As we build the Remembering Lincoln digital collection, we are looking for contributions not just from institutions but from individuals. We know that a lot of people have diaries, letters, newspapers and other primary sources from their ancestors, and that also many private collectors out there have relevant items. Recently, two people—a teacher and a collector—brought documents down to the Center for Education and Leadership so our Art Director could photograph them for inclusion in the Remembering Lincoln digital collection!
Just before Christmas, Vance Gage, a retired teacher at the Maret School, brought in the diary of his ancestor, Dr. Moses Gage. Dr. Gage, a physician in Bethel, New York, had stopped writing in his diary in 1834. He picked the same book up on Saturday, April 15, 1865, when he learned of President Abraham Lincoln’s death and began a new entry by noting the exact length of time elapsed—30 years, five months and 23 days, showing his calculations on an adjoining page.
Dr. Gage then turned his thoughts to the assassination, describing the emotional whiplash felt by many Americans at the end of one of the most momentous weeks in our country’s history. The previous Sunday, the main Confederate Army under General Robert E. Lee had surrendered at Appomattox Court House, a signal that the end of the Civil War was at hand. Then on Friday night came Lincoln’s assassination. Dr. Gage expressed how the exuberance of the prior week turned into shock and grief:
Yesterday, Friday the 14th, Abraham Lincoln President of the U.S. was assassinated in the City of Washington, at the time when we were all congratulating ourselves that the slaveholders rebellion was nearly over, and when hope pointed to the bright future, when the glory of this republic was about to be revealed, the man who had did more than all others was stricken down by the hand of the Assassin.
Dr. Gage also speculated, as did many newspapers on April 15, that Secretary of State William Henry Seward had died from the wounds Lewis Powell inflicted upon him. You can view the diary page at a large size by clicking on the image below. Also, it’s available on HistoryPin and Pinterest, and it will be on the main Remembering Lincoln website when it is launched in March. Thanks to Hollis Bowe, our former Major Gifts Coordinator and Vance’s former student, for making the connection!
Meanwhile, just after the New Year, Paul and Brenda Pascal brought a diary that Paul’s father Leo acquired likely in the 1940s or 1950s. The Pascals own an extensive collection of Lincoln and Civil War artifacts, images and documents. This particular diary belonged to a German-born artist named Johannes Oertel, living at the time in Westerly, Rhode Island. Oertel wrote an eloquent, five-page entry expressing his feelings about the assassination on April 19, 1865, four days after Lincoln’s death. Here’s an excerpt that shows where he squarely placed the blame:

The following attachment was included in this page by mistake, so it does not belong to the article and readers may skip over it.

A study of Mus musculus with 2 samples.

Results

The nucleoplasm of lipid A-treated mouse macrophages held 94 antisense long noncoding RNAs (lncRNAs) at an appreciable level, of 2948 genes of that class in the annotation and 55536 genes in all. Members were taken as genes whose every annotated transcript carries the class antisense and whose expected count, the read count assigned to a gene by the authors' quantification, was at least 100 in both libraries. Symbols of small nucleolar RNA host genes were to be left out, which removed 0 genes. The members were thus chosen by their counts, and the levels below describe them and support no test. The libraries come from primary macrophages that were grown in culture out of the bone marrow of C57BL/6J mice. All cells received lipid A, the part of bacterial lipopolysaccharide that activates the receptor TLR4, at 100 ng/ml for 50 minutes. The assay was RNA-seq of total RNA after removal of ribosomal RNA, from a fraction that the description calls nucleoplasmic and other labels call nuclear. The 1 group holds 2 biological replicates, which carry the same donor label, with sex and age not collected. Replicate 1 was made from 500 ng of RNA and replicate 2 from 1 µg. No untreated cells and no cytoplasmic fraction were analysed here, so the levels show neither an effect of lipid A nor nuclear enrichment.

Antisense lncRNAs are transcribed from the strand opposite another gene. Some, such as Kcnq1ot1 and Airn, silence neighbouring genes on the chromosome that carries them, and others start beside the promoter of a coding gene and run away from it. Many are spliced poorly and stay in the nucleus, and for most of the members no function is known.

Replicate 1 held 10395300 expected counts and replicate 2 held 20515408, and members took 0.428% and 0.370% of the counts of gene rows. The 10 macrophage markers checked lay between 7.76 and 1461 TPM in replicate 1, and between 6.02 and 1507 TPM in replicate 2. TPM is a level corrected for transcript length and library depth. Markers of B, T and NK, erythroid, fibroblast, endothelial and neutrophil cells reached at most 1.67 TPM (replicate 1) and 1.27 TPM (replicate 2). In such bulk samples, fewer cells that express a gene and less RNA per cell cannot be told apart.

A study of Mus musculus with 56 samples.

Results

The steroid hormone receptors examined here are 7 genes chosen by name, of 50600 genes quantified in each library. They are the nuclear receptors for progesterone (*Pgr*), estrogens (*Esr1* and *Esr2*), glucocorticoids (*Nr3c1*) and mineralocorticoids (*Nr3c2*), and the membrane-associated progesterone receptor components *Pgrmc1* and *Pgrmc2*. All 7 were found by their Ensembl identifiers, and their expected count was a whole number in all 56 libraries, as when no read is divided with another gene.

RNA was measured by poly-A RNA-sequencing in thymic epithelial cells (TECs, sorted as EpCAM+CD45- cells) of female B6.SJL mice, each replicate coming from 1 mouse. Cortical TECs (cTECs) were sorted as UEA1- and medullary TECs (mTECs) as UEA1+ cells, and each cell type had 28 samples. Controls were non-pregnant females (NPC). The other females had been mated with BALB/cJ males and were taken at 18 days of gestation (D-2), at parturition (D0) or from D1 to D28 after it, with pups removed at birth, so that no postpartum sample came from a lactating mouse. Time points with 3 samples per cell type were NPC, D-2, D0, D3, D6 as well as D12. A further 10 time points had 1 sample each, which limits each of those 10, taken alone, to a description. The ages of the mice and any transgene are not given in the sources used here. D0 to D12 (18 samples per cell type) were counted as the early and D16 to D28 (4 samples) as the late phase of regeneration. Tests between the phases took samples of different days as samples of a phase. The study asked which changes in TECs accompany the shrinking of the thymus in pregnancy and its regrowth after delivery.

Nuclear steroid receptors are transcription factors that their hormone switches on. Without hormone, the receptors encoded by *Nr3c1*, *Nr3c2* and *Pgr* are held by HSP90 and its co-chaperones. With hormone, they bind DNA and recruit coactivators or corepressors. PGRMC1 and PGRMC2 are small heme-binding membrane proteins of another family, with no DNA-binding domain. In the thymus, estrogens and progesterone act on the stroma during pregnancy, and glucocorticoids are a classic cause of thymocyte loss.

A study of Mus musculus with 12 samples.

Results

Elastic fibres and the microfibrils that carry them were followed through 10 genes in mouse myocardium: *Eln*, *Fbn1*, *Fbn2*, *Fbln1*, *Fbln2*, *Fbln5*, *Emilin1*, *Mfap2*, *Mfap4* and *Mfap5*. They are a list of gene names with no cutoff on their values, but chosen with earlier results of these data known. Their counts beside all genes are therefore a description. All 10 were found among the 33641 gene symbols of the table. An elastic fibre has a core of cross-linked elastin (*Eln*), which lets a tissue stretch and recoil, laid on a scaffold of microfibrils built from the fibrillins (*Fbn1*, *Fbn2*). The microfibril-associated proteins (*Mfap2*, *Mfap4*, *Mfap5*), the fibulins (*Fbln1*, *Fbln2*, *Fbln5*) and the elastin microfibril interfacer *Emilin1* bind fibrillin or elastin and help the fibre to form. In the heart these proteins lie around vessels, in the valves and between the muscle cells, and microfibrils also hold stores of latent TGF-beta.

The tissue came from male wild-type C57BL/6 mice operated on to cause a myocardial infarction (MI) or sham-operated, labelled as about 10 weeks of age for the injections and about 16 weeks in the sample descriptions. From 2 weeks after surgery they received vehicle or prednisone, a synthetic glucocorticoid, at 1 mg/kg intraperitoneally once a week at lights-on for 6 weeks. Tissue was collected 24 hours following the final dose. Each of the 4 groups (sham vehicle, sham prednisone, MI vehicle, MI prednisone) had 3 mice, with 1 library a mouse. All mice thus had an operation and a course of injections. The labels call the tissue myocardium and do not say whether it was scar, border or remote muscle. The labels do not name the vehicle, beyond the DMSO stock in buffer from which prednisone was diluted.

Most memorable day! A day of mourning and lamentation! A continent in tears! The Nation weeping, and her foes dismayed and fleeing in disguise and terror! This cursed rebellion has culminated its gigantic atrocities in the foul murder of our great, good, beloved President.
He then expressed how the country “received a paralysis shock” upon hearing the news: “A feeling of horror and deep gloom spread over the land, and men were struck dumb with awe.” Like Dr. Gage, Oertel considered Lincoln the country’s savior. After listing a series of reasons why the Union’s triumph in the Civil War was just, he said, “And to this end President Abraham Lincoln has contributed more than any other man. He has established freedom, and has died its martyr.” He concluded by expressing hope that God would “impart wisdom, and strength, and firmness to his successor, Mr. Andrew Johnson.”
We’re looking for more items! Do you own an item that fits within the scope of Remembering Lincoln? Do you know of something in a private or institutional collection? Please fill out this form to let us know about it, and we’ll get in touch.
David McKenzie is Digital Projects Manager in the Education Department at Ford’s Theatre. He is also a part-time History Ph.D. student at George Mason University, studying 19th-century U.S. and Latin American history, as well as digital history. Before coming to Ford’s in October 2013, he worked at the Jewish Historical Society of Greater Washington, The Design Minds, Inc. and the Alamo.